What is a virus?
- Viruses are structures made of proteins that need the genetic machineries of life forms to reproduce. Whether viruses are considered alive or not is still under debate.
- Specific viruses usually infect specific host species, and cross-species infections are rare. For example, viruses infecting plants cannot infect animals. Viruses infecting specific animals usually do not infect other animals (although it can happen, like with the HIV or the COVID).
- Viruses are often harmless to their host organism, but they can be at the origin of pathologies if they disrupt the functioning of their host organism.
- Detrimental infection by viruses are fight by the host organism through their immune system.
Immune system and pathogens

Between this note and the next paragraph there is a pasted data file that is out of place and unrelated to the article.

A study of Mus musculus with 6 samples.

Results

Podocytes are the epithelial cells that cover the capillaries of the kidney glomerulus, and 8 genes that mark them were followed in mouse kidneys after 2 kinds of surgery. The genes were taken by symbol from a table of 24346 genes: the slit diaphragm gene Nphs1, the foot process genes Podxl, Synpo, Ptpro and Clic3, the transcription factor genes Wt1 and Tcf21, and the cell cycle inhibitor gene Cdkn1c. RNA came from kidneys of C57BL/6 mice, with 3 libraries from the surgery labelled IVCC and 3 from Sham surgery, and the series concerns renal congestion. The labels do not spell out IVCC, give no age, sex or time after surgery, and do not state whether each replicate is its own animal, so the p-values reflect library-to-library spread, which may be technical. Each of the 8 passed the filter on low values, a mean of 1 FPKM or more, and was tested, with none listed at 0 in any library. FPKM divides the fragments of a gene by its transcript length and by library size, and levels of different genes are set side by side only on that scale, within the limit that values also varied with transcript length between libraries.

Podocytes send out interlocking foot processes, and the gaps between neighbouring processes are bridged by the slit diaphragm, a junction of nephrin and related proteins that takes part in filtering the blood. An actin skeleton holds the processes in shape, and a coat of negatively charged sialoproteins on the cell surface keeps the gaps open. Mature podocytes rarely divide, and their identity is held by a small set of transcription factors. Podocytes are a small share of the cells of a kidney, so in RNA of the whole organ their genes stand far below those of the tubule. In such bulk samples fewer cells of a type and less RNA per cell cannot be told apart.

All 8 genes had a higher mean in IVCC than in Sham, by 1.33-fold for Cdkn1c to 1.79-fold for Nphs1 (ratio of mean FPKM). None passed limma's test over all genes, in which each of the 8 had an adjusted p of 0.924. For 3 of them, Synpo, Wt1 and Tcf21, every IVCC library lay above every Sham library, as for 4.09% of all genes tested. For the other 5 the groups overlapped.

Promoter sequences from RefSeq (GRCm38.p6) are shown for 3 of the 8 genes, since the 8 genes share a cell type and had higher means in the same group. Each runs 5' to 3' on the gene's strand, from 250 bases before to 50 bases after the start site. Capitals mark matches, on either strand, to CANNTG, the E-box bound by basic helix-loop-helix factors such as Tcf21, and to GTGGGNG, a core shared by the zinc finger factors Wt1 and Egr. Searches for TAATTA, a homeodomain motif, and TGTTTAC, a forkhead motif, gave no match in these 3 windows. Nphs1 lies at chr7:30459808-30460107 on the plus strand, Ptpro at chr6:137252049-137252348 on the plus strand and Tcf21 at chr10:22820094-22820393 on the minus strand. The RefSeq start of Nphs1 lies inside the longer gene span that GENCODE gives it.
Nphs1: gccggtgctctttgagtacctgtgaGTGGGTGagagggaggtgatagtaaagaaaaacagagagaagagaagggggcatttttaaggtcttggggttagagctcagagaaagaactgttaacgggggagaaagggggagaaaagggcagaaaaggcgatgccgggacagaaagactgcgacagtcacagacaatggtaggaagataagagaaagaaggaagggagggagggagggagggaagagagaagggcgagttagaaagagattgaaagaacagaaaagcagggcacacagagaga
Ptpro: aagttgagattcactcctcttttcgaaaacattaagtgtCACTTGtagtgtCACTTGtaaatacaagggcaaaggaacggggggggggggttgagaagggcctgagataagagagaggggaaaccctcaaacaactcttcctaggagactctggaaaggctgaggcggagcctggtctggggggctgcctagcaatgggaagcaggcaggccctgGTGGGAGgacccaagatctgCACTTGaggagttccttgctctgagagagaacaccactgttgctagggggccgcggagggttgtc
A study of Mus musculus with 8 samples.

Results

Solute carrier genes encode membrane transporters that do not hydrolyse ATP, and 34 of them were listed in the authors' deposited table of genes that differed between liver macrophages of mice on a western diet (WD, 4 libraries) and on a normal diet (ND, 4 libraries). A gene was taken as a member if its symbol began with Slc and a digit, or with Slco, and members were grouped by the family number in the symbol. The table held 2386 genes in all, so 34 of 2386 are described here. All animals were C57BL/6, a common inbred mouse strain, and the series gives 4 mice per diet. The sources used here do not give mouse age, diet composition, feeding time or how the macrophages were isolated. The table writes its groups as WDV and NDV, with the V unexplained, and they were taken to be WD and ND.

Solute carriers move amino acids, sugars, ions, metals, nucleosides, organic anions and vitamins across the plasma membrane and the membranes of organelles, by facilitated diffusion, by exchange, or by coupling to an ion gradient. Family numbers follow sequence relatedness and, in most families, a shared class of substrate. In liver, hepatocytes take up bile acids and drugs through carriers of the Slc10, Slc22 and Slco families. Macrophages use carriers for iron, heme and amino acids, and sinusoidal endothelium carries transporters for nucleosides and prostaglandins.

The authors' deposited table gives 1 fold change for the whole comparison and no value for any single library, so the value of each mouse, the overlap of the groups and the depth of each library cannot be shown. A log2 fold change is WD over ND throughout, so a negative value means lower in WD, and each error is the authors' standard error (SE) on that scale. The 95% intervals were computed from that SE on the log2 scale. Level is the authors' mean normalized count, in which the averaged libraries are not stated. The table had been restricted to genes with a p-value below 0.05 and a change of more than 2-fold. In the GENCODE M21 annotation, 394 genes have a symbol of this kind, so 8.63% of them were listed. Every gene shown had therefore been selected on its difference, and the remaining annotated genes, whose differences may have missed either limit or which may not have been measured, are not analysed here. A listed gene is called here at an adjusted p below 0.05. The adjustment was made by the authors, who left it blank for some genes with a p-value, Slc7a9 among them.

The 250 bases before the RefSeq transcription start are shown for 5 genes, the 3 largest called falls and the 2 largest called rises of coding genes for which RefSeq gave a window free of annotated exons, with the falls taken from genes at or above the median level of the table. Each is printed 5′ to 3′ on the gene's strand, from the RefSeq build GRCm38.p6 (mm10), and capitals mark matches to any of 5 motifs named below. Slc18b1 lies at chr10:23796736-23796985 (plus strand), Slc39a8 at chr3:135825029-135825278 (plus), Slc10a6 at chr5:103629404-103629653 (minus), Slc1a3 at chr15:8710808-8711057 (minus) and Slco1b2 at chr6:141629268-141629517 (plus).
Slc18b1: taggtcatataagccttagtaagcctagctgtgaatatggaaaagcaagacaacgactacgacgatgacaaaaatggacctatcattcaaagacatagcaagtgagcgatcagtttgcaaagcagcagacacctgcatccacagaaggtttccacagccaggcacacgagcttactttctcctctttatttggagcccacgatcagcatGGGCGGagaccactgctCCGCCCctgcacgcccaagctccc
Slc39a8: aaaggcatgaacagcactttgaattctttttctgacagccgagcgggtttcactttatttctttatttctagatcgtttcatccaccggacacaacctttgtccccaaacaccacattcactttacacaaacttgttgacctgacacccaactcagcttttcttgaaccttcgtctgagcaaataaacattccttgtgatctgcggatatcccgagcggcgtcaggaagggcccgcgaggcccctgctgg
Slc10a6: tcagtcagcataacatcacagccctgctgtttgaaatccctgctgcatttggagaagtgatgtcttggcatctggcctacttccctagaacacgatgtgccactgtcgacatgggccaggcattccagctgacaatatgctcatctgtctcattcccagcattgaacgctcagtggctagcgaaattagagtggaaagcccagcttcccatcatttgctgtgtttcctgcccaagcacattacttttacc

- Pathogens are agents, such as viruses or bacteria, that are disrupting the functions of an organism.
- Affection by a pathogen is at the origin of many diseases, but the immune system is what allows the organism to eliminate the pathogens.
- When affected by viruses, the immune system usually "remembers" how to fight future infections by the same virus: it is what provides immunity.
Vaccines and immunity
- Immunity is what allows the immune system of an organism to fight a pathogen before it does damages to the organism.
- Vaccines are using this system to create an immunity to a disease without having to suffer a pathology.
- By mimicking a virus, vaccines create an immune response and induce an immunity without having to suffer the actual disease.
- It is extremely effective to reduce the occurrence of many viruses like cholera, hepatitis B, measles, polio, rabies, tetanus, typhoid...
- One of the most impressive achievement of vaccines is the eradication of the smallpox, a virus which had a 30% mortality rate and has been officially eradicated in 1980.